Vigan, Ilocos Sur is one of the grandest showcases of Philippine architectural heritage. And we what made it extra special was that Vigan was celebrating Tres de Mayo, an annual festival of thanksgiving, plus the Viva Vigan! Binatbatan Festival of the Arts.
We made our way down to Vigan from Pagudpud. But stopped over at Saramsam Cafe in Laoag for more Ilocano pizza. We were delayed a bit because of a minor road mishap. But we arrived in Vigan just in time for the street dance parade that was making its way through this UNESCO World Heritage City.
The Viva Vigan! Binatbatan Festival of the Arts is a cultural showcase of the city that was first organized in 1993 to coincide with the Tres de Mayo festivities. The centuries-old structures along Crisologo Street were all decorated with abel iloko cloth or inabel to mark the celebrations. The binatbatan street dancing started in 2002, with dancing mimicking the traditional Ilocano way of beating the cotton pods with two bamboo sticks, the first process in making inabel. This beating was done to separate the seeds from the fluff.
Anyway, the parade went on until evening after which we proceed to an old house for dinner. I'll tell you more about dinner in another posts dedicated to the food we feasted on in Vigan.
The next day was Tres de Mayo, a centuries-old fiesta of Vigan citizens to honor the Santo Cristo Milagroso or Apo Lakay. There is actually an early morning Mass at the Simbaan a Bassit or Vigan's Cemetery Chapel to open Tres de Mayo.
We walked around Vigan in the morning and got to appreciate the decorations along Crisologo Street. Lunch was at Hidden Garden and just like dinner, I'll talk about it in another post.
Before proceeding back to the poblacion, we stopped by the pagburnayan or the pottery area of Vigan. We were lucky because it was Fidel Antiporda Go, named a National Folk Artist by the NCCA in 1990, who did a demonstration for us.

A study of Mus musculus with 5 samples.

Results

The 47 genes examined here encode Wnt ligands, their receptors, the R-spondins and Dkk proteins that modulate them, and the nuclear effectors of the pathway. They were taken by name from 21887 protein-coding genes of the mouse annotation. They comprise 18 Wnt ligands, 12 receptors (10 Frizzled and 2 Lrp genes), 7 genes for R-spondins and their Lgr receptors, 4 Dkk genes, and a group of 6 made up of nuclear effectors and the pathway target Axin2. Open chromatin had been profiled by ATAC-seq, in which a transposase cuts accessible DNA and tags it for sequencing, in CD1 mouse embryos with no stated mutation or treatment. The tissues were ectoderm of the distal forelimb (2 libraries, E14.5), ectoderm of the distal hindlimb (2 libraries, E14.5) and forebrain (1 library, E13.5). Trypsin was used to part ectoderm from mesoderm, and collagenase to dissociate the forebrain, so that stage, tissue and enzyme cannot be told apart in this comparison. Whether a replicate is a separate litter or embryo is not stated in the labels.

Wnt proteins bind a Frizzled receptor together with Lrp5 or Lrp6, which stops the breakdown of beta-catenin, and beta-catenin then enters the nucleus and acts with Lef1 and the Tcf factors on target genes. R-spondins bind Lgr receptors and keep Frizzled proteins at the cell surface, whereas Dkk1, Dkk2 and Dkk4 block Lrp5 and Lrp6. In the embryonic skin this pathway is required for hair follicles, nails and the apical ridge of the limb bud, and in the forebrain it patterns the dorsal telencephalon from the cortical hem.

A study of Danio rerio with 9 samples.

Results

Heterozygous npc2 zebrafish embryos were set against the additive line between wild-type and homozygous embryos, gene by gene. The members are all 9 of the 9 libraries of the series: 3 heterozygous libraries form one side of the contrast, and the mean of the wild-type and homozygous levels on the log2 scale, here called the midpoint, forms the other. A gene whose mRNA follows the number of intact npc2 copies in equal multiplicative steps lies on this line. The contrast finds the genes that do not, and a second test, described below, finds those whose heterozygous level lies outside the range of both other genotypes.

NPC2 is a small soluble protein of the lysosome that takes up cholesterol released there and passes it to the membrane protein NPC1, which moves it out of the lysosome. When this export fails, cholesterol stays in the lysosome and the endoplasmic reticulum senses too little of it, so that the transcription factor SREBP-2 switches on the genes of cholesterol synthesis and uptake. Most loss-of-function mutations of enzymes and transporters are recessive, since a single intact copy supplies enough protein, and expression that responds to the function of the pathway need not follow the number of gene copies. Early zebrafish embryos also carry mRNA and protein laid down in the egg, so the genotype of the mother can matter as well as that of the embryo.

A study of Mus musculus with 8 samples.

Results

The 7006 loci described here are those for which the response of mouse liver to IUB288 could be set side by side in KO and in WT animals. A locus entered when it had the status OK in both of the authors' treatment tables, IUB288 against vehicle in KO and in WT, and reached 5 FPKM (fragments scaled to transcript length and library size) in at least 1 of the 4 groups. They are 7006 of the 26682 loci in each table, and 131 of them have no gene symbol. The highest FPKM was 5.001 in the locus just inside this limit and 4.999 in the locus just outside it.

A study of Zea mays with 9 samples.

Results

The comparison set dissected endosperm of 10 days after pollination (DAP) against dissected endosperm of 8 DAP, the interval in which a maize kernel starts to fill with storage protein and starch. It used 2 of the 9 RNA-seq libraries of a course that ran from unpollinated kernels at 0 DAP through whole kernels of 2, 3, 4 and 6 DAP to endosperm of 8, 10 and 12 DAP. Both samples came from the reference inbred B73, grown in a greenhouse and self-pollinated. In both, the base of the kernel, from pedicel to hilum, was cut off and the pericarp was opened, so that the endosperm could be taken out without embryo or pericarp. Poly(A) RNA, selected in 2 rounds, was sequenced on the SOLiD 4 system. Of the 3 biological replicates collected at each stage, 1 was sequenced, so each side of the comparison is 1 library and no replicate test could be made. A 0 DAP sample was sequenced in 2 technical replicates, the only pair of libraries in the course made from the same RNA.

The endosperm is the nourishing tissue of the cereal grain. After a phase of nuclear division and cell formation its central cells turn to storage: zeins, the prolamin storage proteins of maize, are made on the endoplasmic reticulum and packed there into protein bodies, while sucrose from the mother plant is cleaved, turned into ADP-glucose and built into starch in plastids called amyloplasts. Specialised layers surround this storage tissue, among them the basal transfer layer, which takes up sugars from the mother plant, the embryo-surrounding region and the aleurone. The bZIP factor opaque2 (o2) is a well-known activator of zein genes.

The burnay was actually introduced to Vigan by early Chinese traders even before the arrival of the Spanish colonizers. In fact, Go still speaks fluent Hokkien. It served as an all-weather container for local products for shipment ot China and other areas. It's also used for the fermentation of fish sauce, vinegar and basi wine.
Back in the heritage district, we visited the Syquia Mansion, the home of Pres. Elpidio Quirino's wife and repository of a good number of his memorabilia. It's declared by the National Historical Institute as a Heritage House.
While our group was in the house, I walked around to check out the ramadas or makeshift canopies decorated with produce that were constructed around the city as part of Tres de Mayo. The ramadas become focal points for each neighborhood during the afternoon since traditional Filipino games are organized for kids and kids at heart under these canopies.
Vigan's Chinese roots became evident in Crisologo Street as a lion dance troupe made its way around the various shops owned by Chinese-Filipinos. But there were no fire crackers though which always accompanies this practice.
Late in the afternoon, a calesa parade made its way around the city. Each calesa was decorated with everything Vigan and is one event of the festival you should not miss. What was lacking though was a marching band. And San Miguel, being the sponsor of this parade, should have made sure there was a marching band to make the parade even more festive. Were they cutting on costs like most corporates do when they beg organizers for exposure during these festivals? Oh well!
Before we left for Manila, we made one last stopover at Abuelita's Restaurant for a taste of traditional Vigan street food. There was a santacruzan and procession later in the afternoon but we had to rush back home. That was one long drive!